Not too long ago AT&T began sending iPhone customers text messages notifying them they were using what the carrier considered too much data. These customers were owners of unlimited data plans, normally a plan that would be safe from hitting a cap.
AT&T told the customers if they remained in the top 5 percent of data users in their particular area they would throttle speeds for the rest of that billing period. True to its word, customers started seeing bandwidth drop to the point of being largely unusable.
Last year AT&T moved most customers to a tiered data plan with a paid data cap. Once the monthly cap is exceeded, overage fees apply for any data used over the cap. Customers with an existing unlimited plan were grandfathered in, and it's clear AT&T didn't like that one bit. The throttling is a direct result of the carrier's trying to force unlimited customers onto a "more reasonable" tiered monthly plan.
As if the throttling wasn't chicken enough, AT&T refuses to tell the customers how much data they are allowed before getting lousy dial-up speeds imposed. According to AT&T they are throttling the top 5 percent of data users in a given area. That definition is meaningless to the customers affected, as it's up to AT&T to determine when a given user enters the top 5 percent club. One day you're not in the top 5, the next you are. I've heard from quite a few who have been throttled, and the magic data number seems to be around 2.1 GB of data usage when the dreaded throttling kicks in.
It seems to me this constitutes a drastic change in the terms of contract the customers have with AT&T. How much more can a contract change than from unlimited to a random cap that triggers throttling? According to those I've spoken with the throttling is so severe it renders the iPhone virtually unusable for most things due to the horribly slow speeds. If that's not a change of contract terms I don't know what is.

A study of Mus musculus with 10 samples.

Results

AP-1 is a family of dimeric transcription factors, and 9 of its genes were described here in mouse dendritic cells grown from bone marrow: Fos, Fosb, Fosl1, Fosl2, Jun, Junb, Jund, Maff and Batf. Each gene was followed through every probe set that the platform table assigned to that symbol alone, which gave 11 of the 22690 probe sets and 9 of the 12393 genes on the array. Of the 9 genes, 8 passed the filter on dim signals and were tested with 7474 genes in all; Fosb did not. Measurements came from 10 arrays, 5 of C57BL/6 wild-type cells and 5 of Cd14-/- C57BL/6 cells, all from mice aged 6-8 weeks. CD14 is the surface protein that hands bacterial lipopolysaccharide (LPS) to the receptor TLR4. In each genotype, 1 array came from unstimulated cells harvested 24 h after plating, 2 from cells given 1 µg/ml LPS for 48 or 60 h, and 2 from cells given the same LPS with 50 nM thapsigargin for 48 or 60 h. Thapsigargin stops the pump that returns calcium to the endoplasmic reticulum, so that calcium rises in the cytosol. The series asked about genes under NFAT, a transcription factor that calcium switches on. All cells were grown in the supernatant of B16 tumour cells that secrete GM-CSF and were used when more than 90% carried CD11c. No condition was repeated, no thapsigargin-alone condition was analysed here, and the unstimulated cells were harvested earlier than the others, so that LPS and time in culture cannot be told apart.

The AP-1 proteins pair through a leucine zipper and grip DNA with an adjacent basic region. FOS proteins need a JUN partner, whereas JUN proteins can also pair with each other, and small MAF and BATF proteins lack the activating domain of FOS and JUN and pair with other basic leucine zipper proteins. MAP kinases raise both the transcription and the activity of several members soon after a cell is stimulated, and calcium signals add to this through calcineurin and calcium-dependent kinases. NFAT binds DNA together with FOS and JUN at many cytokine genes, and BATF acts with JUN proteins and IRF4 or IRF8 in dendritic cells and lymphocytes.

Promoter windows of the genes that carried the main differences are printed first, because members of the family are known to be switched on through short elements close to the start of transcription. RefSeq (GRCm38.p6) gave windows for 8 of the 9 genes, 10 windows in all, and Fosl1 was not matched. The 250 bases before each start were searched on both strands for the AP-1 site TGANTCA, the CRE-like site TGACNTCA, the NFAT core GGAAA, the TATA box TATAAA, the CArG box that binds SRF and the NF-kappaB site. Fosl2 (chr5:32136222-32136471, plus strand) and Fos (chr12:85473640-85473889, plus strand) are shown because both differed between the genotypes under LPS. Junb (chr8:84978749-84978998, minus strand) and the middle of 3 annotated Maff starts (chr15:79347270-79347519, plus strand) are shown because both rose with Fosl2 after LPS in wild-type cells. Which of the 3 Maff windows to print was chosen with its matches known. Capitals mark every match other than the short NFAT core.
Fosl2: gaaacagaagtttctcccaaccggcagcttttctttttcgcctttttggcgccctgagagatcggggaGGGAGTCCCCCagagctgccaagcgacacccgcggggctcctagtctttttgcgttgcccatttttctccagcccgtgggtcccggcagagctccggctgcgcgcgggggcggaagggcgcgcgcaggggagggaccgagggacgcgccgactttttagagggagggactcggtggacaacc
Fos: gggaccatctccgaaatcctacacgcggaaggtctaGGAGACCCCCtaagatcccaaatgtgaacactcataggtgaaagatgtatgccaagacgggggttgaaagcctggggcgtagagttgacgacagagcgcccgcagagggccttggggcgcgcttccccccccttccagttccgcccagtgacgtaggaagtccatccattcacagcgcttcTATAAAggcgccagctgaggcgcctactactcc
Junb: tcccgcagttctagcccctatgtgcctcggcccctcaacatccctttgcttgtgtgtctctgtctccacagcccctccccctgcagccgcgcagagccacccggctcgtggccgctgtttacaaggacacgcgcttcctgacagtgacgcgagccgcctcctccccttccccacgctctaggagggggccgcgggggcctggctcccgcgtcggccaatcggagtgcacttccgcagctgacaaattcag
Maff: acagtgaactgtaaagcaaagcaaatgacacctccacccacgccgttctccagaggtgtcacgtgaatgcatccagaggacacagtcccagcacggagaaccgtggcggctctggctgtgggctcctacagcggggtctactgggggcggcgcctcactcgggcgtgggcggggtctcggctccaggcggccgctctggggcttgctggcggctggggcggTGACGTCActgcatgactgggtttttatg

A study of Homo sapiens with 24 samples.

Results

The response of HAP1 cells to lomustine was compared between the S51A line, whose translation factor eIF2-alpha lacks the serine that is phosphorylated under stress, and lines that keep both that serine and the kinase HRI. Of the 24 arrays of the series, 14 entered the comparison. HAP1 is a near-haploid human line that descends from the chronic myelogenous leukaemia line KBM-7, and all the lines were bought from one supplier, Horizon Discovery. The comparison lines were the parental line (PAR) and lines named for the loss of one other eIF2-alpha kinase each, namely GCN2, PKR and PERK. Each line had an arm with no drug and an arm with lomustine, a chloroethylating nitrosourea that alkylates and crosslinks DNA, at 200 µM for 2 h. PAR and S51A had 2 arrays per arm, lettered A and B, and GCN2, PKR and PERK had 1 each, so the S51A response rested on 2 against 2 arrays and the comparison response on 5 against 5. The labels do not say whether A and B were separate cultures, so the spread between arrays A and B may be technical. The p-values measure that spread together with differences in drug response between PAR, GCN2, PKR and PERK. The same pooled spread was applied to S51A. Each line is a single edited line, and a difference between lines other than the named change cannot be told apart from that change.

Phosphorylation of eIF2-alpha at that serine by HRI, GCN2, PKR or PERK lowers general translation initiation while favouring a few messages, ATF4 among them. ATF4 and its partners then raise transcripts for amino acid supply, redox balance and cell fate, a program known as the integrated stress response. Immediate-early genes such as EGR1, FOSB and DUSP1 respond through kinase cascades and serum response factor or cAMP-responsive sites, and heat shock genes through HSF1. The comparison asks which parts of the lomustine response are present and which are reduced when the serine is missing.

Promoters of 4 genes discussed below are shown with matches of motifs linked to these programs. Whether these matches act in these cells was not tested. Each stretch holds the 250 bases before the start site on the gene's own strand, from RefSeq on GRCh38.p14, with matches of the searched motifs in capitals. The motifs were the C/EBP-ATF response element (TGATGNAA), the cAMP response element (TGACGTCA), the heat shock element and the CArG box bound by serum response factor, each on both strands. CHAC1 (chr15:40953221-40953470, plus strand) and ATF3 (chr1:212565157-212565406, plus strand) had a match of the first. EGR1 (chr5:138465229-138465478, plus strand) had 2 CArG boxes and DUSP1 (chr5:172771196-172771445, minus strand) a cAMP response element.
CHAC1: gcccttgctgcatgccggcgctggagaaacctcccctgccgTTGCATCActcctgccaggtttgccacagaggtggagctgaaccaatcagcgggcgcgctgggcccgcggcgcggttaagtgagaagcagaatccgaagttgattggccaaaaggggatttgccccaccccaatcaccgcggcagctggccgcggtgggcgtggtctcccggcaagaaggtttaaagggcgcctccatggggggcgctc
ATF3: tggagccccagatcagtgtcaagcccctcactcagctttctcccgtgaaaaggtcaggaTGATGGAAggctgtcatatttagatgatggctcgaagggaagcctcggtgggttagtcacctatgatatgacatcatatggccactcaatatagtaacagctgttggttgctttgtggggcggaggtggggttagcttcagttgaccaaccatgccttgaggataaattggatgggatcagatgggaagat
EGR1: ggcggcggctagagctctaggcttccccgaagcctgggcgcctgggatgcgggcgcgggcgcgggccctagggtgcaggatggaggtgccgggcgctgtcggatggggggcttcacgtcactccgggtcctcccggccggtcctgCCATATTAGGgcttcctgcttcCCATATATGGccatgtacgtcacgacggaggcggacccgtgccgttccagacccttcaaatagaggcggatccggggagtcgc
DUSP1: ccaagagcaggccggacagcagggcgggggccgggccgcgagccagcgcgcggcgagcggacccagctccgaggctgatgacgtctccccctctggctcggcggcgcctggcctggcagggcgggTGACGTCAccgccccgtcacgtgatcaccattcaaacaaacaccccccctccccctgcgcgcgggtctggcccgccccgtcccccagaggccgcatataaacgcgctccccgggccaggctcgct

I'm not a lawyer but I would think these throttled customers could cancel their service with AT&T without an early termination fee. The problem is if they did, what could they then do? It's not like they can just take the iPhone to any other carrier. Both Verizon and Sprint networks are CDMA networks so AT&T iPhones won't work. Sadly, the only real alternative to eliminate the worry of throttling is to cave in to AT&T and switch to a capped plan. At least they'd know how much data they get before having to worry. According to those who have complained to the carrier they've basically been told to lump it.
What AT&T is doing is particularly offensive if you put it in perspective. Imagine you rent a car that comes with unlimited mileage. You drive it for a few days and then suddenly it will only do a top speed of 30 mph no matter what you do. When you contact the rental agency they tell you that you have already driven enough miles to be in the top 5 percent of rental customers in your area, so they have throttled the car's top speed. You're stuck the rest of the month puttering along, for the same cost as other customers speeding on the freeway. When you complain you're given the option of giving the car back and going somewhere else. Not a great position to find yourself in, yet that's exactly what AT&T customers are facing.
This situation makes me happy with my Verizon iPhone plan with a 4 GB cap plus 2 GB of additional hotspot data. That's costing me $40 monthly, which is turning into a real bargain compared to the AT&T $30 "unlimited" plan.
Have you been throttled by AT&T? Let us hear from you in the comments. At what data level did the throttling kick in, how slow it is, etc.